Of all the heresies I might have fallen into if it weren’t for the Magesterium of the Church, I’ve often thought that Gnosticism would be at the top of the list. I naturally have little use for the physical world. I try to move as little as possible, and would be content to just sit motionless and do intellectual or spiritual exercises all day (I once saw a science fiction movie about a man who was nothing more than a brain kept alive in a jar, and my gut reaction was, “Not a bad life!”) So the idea that the material world is useless and maybe even a little evil is an easy sell for me.
Especially once I came to believe in God, it sounded reasonable enough to say that the spiritual world is all that matters, that we can completely disregard all non-spiritual realities. After all, it is our souls that are of the realm of God! It is the spiritual realm that is our final and true home!
But then we have this little part of the Our Father, where we specify that our requests are to take place on earth. The Lord’s Prayer is incredibly efficient in its use of words, so it’s interesting that Jesus takes the time to add the “on earth as it is in heaven” part. Wouldn’t it be sufficient to say, “Thy kingdom come, thy will be done” and leave it at that?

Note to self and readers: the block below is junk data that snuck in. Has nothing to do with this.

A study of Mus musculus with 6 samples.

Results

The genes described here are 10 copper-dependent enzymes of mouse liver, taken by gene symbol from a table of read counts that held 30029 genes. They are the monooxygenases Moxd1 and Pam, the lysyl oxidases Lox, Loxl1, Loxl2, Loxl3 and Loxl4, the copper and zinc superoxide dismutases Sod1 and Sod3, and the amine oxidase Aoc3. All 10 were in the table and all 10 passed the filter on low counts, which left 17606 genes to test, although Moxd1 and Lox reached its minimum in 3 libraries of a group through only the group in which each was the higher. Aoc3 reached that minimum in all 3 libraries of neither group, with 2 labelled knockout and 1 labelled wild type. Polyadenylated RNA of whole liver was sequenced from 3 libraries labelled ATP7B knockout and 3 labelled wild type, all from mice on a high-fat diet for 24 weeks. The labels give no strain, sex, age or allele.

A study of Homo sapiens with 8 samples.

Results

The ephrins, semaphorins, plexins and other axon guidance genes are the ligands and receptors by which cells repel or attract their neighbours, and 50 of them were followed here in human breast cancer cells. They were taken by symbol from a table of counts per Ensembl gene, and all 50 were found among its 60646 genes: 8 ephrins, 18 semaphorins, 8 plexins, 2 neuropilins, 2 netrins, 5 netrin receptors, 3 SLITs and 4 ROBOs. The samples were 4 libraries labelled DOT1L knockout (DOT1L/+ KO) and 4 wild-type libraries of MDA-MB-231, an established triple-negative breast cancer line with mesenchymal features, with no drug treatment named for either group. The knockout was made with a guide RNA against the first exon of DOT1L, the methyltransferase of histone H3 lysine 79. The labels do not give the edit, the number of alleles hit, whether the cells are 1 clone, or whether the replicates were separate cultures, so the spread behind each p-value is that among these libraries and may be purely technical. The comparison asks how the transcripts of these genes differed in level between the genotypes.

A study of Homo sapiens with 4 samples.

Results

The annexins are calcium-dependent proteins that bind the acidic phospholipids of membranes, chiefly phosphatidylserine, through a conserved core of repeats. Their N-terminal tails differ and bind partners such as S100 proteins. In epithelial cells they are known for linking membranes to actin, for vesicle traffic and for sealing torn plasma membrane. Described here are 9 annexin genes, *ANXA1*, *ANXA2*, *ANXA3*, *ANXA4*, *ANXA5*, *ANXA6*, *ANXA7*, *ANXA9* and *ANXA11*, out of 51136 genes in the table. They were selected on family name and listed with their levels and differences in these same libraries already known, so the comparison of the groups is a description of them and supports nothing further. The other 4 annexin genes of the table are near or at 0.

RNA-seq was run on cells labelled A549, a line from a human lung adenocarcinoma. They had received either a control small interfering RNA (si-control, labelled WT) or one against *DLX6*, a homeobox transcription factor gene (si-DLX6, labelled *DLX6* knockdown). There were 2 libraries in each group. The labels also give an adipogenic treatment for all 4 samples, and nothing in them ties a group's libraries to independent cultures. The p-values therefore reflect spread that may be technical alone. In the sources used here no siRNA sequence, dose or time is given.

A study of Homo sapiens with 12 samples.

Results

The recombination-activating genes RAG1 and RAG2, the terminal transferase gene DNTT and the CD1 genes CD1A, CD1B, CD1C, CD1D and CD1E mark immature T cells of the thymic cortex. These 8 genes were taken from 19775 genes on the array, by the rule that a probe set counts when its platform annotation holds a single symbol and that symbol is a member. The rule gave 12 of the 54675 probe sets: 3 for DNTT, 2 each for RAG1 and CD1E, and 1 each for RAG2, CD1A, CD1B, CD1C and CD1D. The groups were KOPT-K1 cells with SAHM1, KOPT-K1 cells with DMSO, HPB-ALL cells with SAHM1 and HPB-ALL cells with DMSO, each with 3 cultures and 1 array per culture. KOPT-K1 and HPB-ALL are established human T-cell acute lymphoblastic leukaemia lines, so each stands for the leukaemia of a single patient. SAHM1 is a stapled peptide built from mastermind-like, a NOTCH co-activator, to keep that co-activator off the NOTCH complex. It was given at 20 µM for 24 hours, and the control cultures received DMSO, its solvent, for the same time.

When I meditate on this word “on,” it reminds me of the truth, counterintuitive to people like me, that the material world is not to be disregarded or disdained. God is an incarnational God. The second person of the Blessed Trinity became flesh, and walked on the earth. The Sacraments use elements of the material world as conduits of grace. Our souls are of God, but they are also inextricably entwined with the material world. On the Last Day our bodies, that part of us tied to the material world, will be resurrected.
So yes, we humans are spiritual creatures, part of the divine drama of the spiritual realm. But it is a drama that takes place in the material world, on earth.